Monday, June 23, 2014

Don't Be Afraid

"We can easily forgive a child who is afraid of the dark; the real tragedy of life is when men are afraid of the light." --- Plato 
Business leaders have a lot to fear in today's market.  These are the days when it is good to have friends and peers to lean on and to share some of the problems and frustrations you face on a daily basis.  You can no longer look to the federal government for support; they are not your friend. State officials, at least in Florida, have been moving slowly toward a anti-business stance as well.  If you find yourself in a position with no one to voice your concerns and fears to, feel free to give me a call.  However, fear is oftentimes based on false assumptions.  Truth shines a light on fear.  Where truth can't be found, fear takes its place.  Here are three common fears followed by a bright light, or truth, to eliminate those fears.

1.) Fear of firing an employee.  During the Industrial Age, some businesses mistreated employees, used children for labor, and had unsafe working conditions.  Over time, the US government implemented laws to protect employees from these business leaders and to help ensure a safe working environment.  Through the years, these types of laws have increased to give employees more of an advantage over their employers and to make it easier for attorneys to make gobs of money representing terminated employees.  

Florida is an "at will" state which used to mean that you can fire an employee or the employee can quit without giving a reason.  Times have changed and it behooves the business leader today to document a case leading up to, during, and after termination to keep on file in case the employee decides to retaliate in some way.   Thankfully, Florida courts still lean in favor of the employer in termination cases as long as you can avoid issues currently under protection (e.g. "I fired him because he is handicapped," or, "I fired her because she is pregnant").  If you avoid the obvious and keep good records, you have nothing to fear when firing an employee.

2.) Fear of losing employees to my competitor.  This fear is understandable because you definitely don't won't your employees to jump ship, especially to go to a competitor and take your company knowledge with them.  There is a way to address this fear.  It may not be completely eliminated, but it can be reduced.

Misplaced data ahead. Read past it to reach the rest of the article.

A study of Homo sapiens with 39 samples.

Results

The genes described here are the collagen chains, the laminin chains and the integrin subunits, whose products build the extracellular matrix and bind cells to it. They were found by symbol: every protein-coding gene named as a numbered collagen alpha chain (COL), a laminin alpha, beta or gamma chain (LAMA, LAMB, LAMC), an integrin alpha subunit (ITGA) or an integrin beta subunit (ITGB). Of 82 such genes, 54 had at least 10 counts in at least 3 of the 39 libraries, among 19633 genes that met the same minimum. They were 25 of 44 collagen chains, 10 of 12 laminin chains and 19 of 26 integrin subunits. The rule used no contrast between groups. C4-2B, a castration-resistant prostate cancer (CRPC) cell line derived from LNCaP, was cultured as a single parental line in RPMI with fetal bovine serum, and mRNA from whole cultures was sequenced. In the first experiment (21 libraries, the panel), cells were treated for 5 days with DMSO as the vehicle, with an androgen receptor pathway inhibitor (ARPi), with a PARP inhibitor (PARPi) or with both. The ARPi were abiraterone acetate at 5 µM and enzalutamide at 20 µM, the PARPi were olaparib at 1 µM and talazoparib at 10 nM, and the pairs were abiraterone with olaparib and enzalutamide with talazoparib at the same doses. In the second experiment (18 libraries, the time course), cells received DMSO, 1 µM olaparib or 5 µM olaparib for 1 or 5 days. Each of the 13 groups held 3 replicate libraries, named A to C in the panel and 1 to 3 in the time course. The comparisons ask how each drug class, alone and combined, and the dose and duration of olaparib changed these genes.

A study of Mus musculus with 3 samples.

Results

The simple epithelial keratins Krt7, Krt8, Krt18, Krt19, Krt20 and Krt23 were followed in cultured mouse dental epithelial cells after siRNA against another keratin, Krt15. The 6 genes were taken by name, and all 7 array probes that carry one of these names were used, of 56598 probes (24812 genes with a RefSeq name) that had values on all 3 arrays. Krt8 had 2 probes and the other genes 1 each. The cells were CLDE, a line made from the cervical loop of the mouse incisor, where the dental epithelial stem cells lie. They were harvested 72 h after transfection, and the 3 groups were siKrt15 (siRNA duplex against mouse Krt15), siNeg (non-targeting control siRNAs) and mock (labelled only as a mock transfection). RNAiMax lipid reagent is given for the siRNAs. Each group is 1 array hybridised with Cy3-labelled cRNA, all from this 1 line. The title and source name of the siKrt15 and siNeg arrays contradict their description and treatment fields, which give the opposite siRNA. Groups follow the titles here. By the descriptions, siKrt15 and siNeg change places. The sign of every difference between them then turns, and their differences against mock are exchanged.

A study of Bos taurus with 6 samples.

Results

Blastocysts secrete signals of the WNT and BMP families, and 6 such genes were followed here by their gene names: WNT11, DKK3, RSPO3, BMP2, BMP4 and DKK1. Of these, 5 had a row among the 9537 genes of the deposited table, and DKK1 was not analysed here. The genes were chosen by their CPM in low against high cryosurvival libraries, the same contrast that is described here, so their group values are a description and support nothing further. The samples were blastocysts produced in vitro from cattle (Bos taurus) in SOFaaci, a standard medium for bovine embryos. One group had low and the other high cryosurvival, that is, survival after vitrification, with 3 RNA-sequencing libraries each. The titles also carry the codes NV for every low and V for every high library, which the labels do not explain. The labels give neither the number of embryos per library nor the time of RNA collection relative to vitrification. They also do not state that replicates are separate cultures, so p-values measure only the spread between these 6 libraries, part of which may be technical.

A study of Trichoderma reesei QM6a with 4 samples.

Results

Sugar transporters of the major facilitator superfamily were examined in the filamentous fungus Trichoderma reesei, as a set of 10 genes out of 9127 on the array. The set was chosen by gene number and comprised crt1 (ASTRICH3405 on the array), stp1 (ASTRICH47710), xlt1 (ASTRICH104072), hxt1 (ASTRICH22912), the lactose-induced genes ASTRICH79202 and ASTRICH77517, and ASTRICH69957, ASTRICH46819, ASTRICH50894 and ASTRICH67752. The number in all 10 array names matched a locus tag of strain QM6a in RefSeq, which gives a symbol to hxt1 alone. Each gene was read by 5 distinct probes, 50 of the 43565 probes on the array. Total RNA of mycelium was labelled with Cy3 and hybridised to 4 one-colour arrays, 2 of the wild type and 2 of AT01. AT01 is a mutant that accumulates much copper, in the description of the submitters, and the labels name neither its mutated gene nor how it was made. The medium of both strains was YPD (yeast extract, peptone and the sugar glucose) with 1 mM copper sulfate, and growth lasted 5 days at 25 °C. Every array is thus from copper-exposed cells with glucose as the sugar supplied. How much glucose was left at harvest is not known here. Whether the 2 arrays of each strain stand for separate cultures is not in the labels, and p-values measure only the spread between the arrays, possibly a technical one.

Communicate constantly with your team members.  Don't keep them in the dark about the condition or the direction of your business. Have a lot of face-to-face time with your employees.  Have a lot of meetings.  If you think you are meeting too much with them, meet some more.  Communication is key to keeping your talented team. 

According to the US Department of Labor Bureau of Labor Statistics, the top three reasons people leave their jobs to go elsewhere is because they 1.) want a financial stake in their work.  They want to know that what they do for the company gives them a piece of the company; 2.) want more resources and responsibilities.  They feel a sense of ownership and are highly motivated by responsibility; and 3.) hate working on things they are not good at.  

Understanding the importance of constant communication and the reasons people leave their jobs will help to eliminate some of the fear of losing your people.

3.) Fear of employees failing.  This is a big one I see on a frequent basis.  Business owners tell me, "My employees won't do it like I did it," or "I have to micro-manage my team in order to get the project completed correctly."  My response is always, "Well, then fire them."  That, of course, brings up fear number one in the owner's mind and the sweat begins to form on his brow.  Simply, it all boils down to the hard fact that if you didn't hire the right person to begin with, it is your fault and you should get rid of him or her.  But note that the key is to hire the right person, which means one with the qualifications that you believe can help to carry out your business mission.  That is one way to get rid of this fear.

Another way is to learn to begin trusting your team.  It is true, they are not like you... thank God for that.  They have other attributes you don't have and other talents, skills, and knowledge you don't have.  That is all great and helps to make for a well-rounded team.  Hire right, train them right, then get out of their way.